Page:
A federal court ruled that Springfield Township’s resolution banning the public display of the “thin blue line” flag by township employees is unconstitutional.
A federal court ruled on Nov. 13 that Springfield Township’s resolution banning the public display of the “thin blue line” American flag by township employees is unconstitutional.
In the 36-page ruling, Judge Karen Marston of the U.S. District Court for the Eastern District of Pennsylvania granted summary judgment to the plaintiffs – two police unions and three police officers – finding that Springfield Township's ban on displaying the flag on township property violates the First Amendment rights of township employees.
The dispute arose after the local police union incorporated the thin blue line flag into its logo, sparking backlash from some community members who view the flag as a racist symbol. In response, the township adopted the resolution prohibiting township employees from publicly displaying the flag while working or in uniform, even when off-duty, or bringing depictions of the flag into the township building where they could be seen.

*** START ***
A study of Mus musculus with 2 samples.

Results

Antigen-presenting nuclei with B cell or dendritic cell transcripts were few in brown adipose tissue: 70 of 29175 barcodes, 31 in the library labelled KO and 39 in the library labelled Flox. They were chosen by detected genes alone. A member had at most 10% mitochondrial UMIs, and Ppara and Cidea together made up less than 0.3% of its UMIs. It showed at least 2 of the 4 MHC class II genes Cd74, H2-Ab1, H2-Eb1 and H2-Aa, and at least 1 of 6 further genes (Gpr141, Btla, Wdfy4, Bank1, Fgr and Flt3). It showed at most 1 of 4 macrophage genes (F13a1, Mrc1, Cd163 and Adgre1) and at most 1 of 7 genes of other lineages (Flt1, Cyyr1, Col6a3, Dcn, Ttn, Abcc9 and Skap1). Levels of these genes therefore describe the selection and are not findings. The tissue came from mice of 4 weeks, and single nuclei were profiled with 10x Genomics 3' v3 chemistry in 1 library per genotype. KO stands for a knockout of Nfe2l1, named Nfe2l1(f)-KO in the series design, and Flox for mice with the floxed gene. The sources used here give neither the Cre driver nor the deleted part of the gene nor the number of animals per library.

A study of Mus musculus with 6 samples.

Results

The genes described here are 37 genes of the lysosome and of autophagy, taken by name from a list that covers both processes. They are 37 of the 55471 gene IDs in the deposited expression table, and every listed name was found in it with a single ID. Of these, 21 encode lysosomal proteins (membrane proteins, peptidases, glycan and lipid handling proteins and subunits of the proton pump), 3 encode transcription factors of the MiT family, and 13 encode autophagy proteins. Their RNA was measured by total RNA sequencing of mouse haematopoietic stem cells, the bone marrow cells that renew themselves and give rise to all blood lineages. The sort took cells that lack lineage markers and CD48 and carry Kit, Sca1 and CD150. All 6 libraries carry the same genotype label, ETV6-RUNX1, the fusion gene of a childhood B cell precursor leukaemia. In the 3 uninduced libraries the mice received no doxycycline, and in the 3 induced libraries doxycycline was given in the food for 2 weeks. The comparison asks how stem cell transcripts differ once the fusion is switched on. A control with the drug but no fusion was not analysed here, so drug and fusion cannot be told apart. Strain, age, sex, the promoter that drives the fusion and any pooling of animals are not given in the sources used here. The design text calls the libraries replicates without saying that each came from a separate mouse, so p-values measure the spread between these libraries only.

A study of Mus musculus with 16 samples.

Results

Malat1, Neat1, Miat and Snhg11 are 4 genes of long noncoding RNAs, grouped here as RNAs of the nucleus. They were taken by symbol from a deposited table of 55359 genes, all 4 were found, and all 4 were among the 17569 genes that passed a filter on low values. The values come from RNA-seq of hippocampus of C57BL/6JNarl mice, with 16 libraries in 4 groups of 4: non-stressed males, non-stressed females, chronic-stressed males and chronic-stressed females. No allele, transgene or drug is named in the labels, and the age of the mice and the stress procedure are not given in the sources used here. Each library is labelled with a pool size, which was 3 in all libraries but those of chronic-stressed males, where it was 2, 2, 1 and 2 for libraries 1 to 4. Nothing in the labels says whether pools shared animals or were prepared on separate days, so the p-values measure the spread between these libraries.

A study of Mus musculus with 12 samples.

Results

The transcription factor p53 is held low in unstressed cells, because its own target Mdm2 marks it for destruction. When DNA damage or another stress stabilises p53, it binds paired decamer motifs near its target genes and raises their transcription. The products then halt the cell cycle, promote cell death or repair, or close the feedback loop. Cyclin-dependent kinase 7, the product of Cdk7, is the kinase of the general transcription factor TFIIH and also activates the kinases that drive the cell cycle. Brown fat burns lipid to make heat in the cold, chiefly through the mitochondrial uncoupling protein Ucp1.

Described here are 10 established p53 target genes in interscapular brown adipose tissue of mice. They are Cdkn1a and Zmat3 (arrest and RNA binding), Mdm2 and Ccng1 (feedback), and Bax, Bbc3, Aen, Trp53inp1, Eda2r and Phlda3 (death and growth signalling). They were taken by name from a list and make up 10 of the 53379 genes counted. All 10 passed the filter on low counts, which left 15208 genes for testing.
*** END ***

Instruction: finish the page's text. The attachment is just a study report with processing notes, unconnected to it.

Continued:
In the lawsuit, the police officers argued the ban violated their free speech rights and constituted viewpoint discrimination by prohibiting the expression of a particular perspective. The court agreed, finding that the resolution regulates speech on a matter of public concern but is not justified by any real disruption caused by displays of the flag.
Judge Marston wrote that the township "failed to show that displays of the flag have led to workplace disruption or strain between the police department and residents." She also found the ban was overbroad, restricting speech beyond what was necessary to address the township's concerns, and underinclusive by allowing other speech that could exacerbate racial tensions.
The court concluded the blanket prohibition on a symbol with particular viewpoints amounted to unconstitutional viewpoint discrimination. By granting summary judgment, the judge issued a permanent injunction barring the township from enforcing the resolution.
Michael Taylor, the township’s manager, said the township’s board is aware of the decision but issued no further comment.